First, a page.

Volunteering aids skills set

Augusta Margaret River Times
Natalie Iredale is the youngest member of the Margaret River St John Ambulance service.
Camera IconNatalie Iredale is the youngest member of the Margaret River St John Ambulance service. Credit: Warren Hately

WA’s Emergency Services Minister has put out the call for a new wave of volunteers to support crucial support organisations.

Fran Logan MLA issued the challenge as part of a new Get Behind The Frontline advertising campaign which started this week.

The campaign focused on Department of Fire and Emergency Services in particular, but comes as services across the Capes say they need fresh recruits to prop up the region’s ageing volunteer base.

“Volunteers are a critical part of the State’s emergency response, comprising up to 99 per cent of all personnel in some regional areas,” Mr Logan said.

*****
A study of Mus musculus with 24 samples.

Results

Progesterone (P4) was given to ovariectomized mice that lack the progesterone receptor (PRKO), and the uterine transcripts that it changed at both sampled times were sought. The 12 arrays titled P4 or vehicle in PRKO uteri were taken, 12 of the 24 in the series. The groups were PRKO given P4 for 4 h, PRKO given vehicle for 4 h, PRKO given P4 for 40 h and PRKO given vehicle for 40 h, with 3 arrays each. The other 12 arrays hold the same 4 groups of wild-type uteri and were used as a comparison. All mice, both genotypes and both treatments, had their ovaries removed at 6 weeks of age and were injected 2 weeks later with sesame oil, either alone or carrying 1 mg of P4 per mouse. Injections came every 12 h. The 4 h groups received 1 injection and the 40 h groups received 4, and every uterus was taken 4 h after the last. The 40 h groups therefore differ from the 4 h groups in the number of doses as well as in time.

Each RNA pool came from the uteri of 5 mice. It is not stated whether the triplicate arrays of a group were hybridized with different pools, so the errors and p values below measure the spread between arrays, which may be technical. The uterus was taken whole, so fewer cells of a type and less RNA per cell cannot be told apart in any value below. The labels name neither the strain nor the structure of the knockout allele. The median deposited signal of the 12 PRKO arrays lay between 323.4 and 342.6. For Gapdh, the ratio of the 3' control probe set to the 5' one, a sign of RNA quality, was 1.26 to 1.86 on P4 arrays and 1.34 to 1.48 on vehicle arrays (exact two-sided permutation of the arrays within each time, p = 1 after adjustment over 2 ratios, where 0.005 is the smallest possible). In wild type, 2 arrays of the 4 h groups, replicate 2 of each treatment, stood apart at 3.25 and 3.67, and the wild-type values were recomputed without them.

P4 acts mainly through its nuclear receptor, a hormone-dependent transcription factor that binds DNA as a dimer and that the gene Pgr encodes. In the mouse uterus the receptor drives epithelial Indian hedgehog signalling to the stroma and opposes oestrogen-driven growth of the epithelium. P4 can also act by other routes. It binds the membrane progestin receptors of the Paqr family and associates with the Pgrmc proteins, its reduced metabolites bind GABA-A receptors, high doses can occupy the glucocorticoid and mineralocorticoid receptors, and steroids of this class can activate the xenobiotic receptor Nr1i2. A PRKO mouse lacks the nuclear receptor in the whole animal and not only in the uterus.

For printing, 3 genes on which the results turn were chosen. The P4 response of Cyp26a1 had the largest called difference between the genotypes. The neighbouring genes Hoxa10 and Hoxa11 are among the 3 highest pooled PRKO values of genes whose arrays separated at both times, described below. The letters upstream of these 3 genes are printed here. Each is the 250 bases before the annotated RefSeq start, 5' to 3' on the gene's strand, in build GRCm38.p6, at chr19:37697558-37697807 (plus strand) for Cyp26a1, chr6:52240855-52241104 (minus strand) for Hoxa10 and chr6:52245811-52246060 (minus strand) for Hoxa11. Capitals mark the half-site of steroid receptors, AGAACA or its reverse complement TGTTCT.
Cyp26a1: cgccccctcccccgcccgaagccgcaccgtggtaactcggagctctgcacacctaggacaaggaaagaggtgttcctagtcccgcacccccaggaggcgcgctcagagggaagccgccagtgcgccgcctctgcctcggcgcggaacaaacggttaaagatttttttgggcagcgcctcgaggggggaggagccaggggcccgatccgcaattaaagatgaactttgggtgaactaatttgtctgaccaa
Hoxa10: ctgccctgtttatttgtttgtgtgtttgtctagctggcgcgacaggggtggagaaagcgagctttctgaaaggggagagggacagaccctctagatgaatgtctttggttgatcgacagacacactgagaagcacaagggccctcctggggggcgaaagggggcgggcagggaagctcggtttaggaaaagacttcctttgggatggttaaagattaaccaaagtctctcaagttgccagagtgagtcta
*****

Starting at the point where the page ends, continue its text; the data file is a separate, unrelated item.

Nineteen-year-old St John volunteer Natalie Iredale said she was among the region’s youngest recruits and gained a lot from her time supporting residents in emergencies.

“I began volunteering for St John when I finished school,” she said.

“Doing so has given me a diverse skill set which I feel is invaluable preparation for what I hope to be future studies in a similar area.

“Being a part of a team gives you a sense of purpose, and your contribution is reciprocated in many social and life skills.”

Ms Iredale said younger volunteers across all emergency services could offer fresh perspectives and energy, and helping people in distress was very rewarding.

Mr Logan said emergency services needed a wide range of personnel for background roles that did not mean volunteers had to undertake frontline services.